A grueling day with an interesting end

Yesterday, I had collective bargaining for EMS workers over a contract the union approved but the workers refused to ratify. That is a sticky situation and I had to put on a performance of outrage that even had my client concerned. It looks like all will come together, and with a few tweaks we can present the deal to the workers.

Today, I had collective bargaining with two unions over workers in ready-mix concrete. (Man, I love me a mixer truck. When I was in school, I worked on the maintenance crew at a ready mix plant and I really loved that job.)


The negotiations have been difficult. We have been really far apart on money, and this union negotiator is the best I have seen in a long time. I can’t get a good read on what is driving him, which is unusual for me. Honestly, most of the union negotiators I see are ham-handed idiots who should probably let the workers do their own deal. The other union negotiator is green as hell and telegraphs everything I need to know.

This type of negotiation is fascinating work, and I really enjoy it. It is so much better than litigation, which is just bullshit and lawyers jerking each other off. We made a ton of progress today, which was really cool, because this is a new client, and one who has been frustrated by the glacial movement. I tried a few things that worked perfectly, and accurately predicted a few movements by the other side (which gives the client confidence that I am not full of shit.)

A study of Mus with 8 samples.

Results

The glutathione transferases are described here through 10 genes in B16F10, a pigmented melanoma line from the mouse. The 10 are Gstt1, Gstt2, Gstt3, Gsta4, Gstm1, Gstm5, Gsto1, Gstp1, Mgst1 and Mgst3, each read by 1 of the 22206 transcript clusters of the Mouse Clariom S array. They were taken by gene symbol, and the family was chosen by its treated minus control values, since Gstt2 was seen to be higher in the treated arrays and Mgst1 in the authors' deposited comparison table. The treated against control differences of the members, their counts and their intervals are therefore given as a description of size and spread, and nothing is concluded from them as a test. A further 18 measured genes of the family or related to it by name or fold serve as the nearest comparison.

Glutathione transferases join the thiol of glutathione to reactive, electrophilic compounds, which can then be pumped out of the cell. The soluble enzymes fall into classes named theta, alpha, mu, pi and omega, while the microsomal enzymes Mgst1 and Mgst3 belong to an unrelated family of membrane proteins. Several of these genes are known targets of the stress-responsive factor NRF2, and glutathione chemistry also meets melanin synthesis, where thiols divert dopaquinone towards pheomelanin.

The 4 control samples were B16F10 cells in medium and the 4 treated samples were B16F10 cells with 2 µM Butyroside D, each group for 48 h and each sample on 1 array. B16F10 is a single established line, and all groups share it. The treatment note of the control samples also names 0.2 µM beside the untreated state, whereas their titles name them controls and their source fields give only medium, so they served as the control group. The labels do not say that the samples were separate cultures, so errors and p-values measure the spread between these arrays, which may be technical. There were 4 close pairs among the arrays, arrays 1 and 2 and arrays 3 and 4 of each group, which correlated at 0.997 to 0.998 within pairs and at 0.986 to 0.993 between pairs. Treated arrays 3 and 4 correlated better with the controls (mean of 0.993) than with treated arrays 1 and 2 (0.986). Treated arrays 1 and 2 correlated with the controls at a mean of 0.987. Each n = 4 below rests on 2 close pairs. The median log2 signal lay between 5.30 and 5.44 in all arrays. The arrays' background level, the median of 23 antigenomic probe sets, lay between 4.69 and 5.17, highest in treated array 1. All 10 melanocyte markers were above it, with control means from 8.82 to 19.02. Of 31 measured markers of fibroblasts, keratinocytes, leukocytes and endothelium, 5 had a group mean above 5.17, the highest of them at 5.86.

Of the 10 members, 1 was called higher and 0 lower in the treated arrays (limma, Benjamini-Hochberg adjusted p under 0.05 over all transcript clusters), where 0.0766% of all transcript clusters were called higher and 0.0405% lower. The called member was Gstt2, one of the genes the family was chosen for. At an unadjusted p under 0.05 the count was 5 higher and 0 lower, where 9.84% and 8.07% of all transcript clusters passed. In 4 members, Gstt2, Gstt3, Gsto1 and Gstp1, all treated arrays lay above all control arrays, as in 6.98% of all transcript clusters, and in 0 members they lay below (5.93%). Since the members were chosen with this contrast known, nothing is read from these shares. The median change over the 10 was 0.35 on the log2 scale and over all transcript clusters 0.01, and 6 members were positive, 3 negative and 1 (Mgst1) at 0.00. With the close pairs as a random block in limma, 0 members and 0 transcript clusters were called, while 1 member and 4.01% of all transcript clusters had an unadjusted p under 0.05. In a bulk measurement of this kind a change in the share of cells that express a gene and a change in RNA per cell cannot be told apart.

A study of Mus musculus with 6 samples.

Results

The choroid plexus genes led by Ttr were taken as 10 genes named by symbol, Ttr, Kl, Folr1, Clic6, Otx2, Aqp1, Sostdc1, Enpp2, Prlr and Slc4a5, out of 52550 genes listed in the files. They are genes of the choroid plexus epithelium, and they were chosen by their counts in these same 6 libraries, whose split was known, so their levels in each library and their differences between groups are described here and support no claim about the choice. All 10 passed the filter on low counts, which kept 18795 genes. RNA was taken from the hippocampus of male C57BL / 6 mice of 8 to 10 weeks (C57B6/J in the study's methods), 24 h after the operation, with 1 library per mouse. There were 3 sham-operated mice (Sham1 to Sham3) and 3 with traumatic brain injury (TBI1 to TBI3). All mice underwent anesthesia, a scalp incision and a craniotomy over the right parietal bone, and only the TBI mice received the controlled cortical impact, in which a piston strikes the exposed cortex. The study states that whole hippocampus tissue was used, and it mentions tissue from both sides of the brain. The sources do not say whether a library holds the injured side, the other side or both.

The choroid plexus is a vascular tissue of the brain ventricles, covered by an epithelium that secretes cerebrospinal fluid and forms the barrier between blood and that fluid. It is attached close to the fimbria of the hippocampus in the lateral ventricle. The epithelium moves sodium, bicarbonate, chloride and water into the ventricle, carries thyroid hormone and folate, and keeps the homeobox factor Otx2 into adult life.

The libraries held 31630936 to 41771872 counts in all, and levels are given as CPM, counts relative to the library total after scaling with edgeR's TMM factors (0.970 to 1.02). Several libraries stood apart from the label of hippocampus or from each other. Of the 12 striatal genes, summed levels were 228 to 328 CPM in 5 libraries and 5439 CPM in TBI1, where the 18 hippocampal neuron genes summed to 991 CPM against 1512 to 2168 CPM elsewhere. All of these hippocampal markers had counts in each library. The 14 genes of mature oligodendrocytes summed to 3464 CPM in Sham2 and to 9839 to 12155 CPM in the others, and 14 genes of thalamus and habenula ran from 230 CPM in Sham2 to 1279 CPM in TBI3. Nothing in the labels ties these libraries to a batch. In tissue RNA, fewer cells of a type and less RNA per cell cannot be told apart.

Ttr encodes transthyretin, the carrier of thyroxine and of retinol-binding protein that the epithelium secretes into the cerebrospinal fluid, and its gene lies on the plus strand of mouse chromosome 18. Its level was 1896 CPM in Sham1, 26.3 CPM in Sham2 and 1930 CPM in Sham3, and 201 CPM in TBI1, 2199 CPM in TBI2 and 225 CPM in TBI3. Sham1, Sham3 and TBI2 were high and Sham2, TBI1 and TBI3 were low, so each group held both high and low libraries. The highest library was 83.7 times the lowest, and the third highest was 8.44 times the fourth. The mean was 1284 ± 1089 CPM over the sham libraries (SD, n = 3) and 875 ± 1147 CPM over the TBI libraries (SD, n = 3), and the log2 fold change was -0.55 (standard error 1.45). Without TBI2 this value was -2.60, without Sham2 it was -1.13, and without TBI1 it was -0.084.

The coolest thing about this work is that you aren’t trying to destroy the other side, you are trying to get a good deal, but not at the expense of labor peace and not at the expense of your credibility with the union. I think we have a good chance of wrapping this up at the next meeting.

I was exhausted when it was over, but I got a call from a client who manages vineyards in Napa. We have been dealing with a worker who is trying to change her documentation, which is a sensitive issue these days. They had followed up with her, and she brought them documents they had never seen, which they emailed me today, because they did not know if they could employ her, and risk is high for ag these days.


This lady is a domestic violence victim, and is undocumented. Some smart prosecutor and/or service organization got her a “U” visa - granting the right to remain in the US and work so that she can testify and help the prosecution. Most important, U Visa allows her to apply for adjustment of status without having to return to Mexico. I told them her documents were good, and to tell her to go back to work.

The very best part of my job is when I get to save someone else’s job.